Perceptions, reality and practicality
By Tony Lock & Dale Vile
With desktop refresh now on the agenda, the virtualisation option comes into focus
Many organisations skipped a turn of the desktop refresh cycle as a result of economic pressure and
reluctance to implement Windows Vista. With the prospect of purse strings loosening along with the
broad acceptance of Windows 7, desktop upgrades are once again on the agenda. This opens the
door to consider desktop virtualisation as a complementary deployment option.
But limited awareness and insight are holding up progress
Desktop virtualisation solutions have been progressing steadily, but the level of adoption over 2010
has still been relatively modest. One big challenge is the patchy understanding of the options. IT
professionals have a good handle on established solutions such as Terminal Services, but insight into
other important forms of desktop virtualisation is limited. As a result, those without experience often
make false assumptions that stand in the way of progress.
The divergence of perception from reality is clear in some very important areas
In the absence of practical experience, IT professionals tend to generally under-estimate the
relevance and value of, and over-estimate the challenges associated with desktop virtualisation. In
particular, those that have never deployed such technology are more likely to discount it as an option
for more demanding user types, even though experienced adopters have often deployed to those
same segments successfully. In reality, a blended approach is the most effective, based on mixing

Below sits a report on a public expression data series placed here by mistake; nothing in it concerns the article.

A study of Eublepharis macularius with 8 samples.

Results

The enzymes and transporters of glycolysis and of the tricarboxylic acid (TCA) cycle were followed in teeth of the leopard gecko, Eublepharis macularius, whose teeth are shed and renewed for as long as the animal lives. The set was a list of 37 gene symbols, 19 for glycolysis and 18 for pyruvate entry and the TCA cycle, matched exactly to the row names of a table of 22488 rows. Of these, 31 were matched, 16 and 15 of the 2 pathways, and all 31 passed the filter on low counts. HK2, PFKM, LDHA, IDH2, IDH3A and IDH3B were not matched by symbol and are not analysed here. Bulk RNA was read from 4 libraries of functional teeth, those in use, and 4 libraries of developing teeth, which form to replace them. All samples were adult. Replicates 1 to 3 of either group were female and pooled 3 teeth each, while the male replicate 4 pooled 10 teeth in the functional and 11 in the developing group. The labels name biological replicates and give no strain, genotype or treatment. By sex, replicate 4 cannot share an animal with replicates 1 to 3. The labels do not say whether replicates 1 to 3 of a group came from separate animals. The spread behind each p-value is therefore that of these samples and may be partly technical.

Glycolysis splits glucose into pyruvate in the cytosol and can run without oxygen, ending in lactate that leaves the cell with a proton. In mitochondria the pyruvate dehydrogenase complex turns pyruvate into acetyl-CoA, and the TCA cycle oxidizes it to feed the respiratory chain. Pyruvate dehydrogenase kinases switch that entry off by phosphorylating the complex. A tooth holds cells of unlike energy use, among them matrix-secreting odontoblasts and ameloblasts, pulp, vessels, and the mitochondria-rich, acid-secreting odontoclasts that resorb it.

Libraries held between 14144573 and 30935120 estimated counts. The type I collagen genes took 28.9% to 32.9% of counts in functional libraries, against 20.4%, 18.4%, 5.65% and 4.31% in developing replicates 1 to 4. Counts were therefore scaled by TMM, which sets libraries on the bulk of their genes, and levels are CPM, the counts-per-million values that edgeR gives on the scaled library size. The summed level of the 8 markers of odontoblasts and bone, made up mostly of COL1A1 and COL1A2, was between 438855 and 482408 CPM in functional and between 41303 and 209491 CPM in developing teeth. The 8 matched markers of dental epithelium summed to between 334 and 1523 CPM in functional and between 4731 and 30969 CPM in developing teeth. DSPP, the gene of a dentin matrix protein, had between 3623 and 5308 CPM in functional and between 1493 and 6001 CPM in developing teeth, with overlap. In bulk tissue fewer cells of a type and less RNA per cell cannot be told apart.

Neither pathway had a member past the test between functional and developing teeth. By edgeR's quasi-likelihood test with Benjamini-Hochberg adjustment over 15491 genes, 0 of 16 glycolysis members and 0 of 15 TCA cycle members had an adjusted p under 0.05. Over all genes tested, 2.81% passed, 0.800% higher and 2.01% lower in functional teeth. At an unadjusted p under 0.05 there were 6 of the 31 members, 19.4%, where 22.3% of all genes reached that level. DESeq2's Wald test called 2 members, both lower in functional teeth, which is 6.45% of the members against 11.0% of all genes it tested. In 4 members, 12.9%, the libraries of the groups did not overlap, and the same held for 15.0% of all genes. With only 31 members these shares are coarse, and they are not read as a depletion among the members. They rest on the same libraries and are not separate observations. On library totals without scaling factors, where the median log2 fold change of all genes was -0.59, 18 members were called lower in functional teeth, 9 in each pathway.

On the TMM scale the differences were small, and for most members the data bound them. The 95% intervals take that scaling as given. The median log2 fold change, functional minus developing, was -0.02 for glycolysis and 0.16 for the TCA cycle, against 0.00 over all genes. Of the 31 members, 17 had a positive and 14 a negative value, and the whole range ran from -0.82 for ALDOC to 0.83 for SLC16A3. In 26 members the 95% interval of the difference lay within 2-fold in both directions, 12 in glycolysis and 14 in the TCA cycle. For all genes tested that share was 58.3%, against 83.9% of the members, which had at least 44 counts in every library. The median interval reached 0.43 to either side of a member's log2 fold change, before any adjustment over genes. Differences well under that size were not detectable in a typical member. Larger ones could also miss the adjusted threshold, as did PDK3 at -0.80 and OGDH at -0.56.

and matching traditional desktops with relevant virtualisation options to meet different user needs.
More attention needs to be paid to building comprehensive business cases
While everyone is looking for short term ROI, making a business case for investment in a
comprehensive desktop virtualisation strategy based on direct savings alone can often only be
achieved if a longer view is taken. This is because for server based virtualisation options in particular,
significant up-front investment in server, storage and networking infrastructure is likely to be required,
whilst the returns accumulate steadily over time. A more robust business case can be built by
increasing the scope. The impact of enabling modern working practices such as hot-desking, efficient
home and remote working, and secure mobile access, are often significant. Direct savings can
potentially be made on real-estate and travel, as well as an increased contribution of value through
the boosting of end user productivity.
Taking the broader view, another way to think of desktop virtualisation is therefore as a natural
element of any working practice modernisation and efficiency programme.